Grow Moss On Hardscaping Rocks To Give Them A Natural Look

Do you live an area that makes it hard to grow grass? Find out how to use nothing more than hardscape materials to finish your property.

Grow Moss On Hardscaping Rocks To Give Them A Natural Look

16 September 2015
 Categories: , Blog

Hardscaping your landscaping project can create a natural and inviting look for your property. One way to make the large rocks that you use in your hardscaping project to appear as if they have been there forever is getting moss to grow on them. How can you do that? Here, you will learn a few tips to help expedite the moss growing process on your hardscaping rocks.

Create the Right Conditions

Moss won't grow just anywhere, but if you know the conditions that it needs to thrive, you can make some changes to create the perfect conditions. Moss likes moisture, and lots of it. Moss doesn't like a lot of sun. The sun can actually kill the moss that you are trying to grow. So, if you don't have an area that is partially or fully shaded, you will have to plant some larger plants, shrubs or trees to shade the rocks that you want the moss to grow on.

Transplant Existing Moss

The easiest and fastest way to grow the moss is to transplant it from somewhere else. If you have access to a creek or stream, take a flat shovel and a bucket and gather some moss. When you do this, be sure that you scrape the moss from the rock where it is growing all the way to the bottom side of the soil. You don't want to damage the little filaments that keep the moss alive.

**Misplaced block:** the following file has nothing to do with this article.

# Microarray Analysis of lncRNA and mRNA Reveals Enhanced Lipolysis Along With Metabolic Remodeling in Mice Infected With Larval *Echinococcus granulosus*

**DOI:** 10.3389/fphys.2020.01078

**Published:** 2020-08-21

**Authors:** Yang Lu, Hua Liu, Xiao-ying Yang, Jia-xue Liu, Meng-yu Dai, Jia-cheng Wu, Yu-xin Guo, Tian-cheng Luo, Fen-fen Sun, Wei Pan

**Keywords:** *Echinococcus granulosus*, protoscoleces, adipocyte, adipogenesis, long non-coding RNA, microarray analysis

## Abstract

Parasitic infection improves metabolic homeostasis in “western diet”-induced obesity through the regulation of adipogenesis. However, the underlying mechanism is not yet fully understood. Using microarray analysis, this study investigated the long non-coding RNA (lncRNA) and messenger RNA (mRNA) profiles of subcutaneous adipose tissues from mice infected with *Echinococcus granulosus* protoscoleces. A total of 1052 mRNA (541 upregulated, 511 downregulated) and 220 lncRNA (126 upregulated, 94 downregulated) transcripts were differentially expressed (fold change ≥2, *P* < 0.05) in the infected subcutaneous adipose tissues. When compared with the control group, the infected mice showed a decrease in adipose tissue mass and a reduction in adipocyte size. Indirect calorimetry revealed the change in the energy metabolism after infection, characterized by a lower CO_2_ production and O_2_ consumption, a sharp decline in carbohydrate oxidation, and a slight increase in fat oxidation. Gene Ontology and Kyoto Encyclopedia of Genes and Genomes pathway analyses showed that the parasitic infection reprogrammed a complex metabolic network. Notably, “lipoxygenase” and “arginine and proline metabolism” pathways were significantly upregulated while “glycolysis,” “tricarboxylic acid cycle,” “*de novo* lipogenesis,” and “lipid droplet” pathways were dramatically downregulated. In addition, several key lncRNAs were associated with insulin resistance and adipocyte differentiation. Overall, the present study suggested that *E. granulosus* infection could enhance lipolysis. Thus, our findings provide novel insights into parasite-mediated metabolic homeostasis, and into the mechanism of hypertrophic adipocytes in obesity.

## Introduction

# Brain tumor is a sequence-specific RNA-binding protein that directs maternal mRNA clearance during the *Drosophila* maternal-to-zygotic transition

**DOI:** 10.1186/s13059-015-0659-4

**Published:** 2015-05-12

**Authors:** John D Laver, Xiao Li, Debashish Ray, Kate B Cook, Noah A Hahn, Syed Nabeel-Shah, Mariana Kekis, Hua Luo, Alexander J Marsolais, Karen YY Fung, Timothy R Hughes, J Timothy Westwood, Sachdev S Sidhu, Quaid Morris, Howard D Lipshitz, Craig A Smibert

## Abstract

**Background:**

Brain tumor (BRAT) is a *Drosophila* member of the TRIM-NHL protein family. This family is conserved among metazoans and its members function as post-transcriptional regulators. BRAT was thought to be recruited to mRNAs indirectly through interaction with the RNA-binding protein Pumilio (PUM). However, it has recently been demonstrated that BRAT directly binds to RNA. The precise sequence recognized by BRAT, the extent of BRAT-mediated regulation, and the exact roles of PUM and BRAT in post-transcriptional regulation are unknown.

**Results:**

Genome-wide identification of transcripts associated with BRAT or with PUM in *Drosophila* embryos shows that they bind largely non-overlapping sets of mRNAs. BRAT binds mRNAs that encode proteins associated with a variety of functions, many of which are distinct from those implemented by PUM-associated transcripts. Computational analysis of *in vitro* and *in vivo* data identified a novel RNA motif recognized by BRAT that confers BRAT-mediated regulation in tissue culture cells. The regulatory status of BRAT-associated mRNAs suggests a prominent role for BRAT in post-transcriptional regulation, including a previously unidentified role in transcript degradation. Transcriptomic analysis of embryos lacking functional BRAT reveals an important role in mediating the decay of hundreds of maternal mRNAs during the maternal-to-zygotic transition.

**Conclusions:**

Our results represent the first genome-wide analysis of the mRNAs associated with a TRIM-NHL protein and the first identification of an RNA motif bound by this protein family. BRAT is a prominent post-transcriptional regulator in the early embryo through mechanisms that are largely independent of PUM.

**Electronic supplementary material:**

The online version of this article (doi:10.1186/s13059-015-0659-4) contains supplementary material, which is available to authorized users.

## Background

After you have the moss at home, pour some quality soil on the rock where you want the moss to grow. Cover the soil with the patches of moss and water it twice each day for a couple of weeks. In no time, the moss will spread and look as if it has been there forever.

Grow Your Own Moss

If you don't have access to naturally growing moss, you need to grow your own. To do this, you will need 4 cups of buttermilk and 3 cups of chopped up fresh or dried moss.

  • Mix the two ingredients together to form a nice paste.
  • Use a paintbrush to paint the mixture onto the rocks where you want the moss to grow.
  • Keep the area moist using a misting nozzle on your garden hose. You want the area to be wet, but you don't want to wash the mixture away.

In roughly 6 weeks you will see moss beginning to grow. Continue to gently water it and keep it good and moist until it appears to be full grown and full of life.

About Me
hardscaping areas that won't grow grass easily

I live in an area that is very difficult to grow grass. If I was to water my lawn a couple of times each day, the grass may grow, but that would cost me a small fortune in water bills and waste a lot of water that could be used for more efficient purposes. Instead of fighting the grass to grow, I decided to embrace the dryness of the area and complete the landscape design using mostly hardscape materials. I used rocks of all sizes coupled with wood to create a yard that I love to spend time in and am very proud of. Find out how to use nothing more than hardscape materials to finish your property.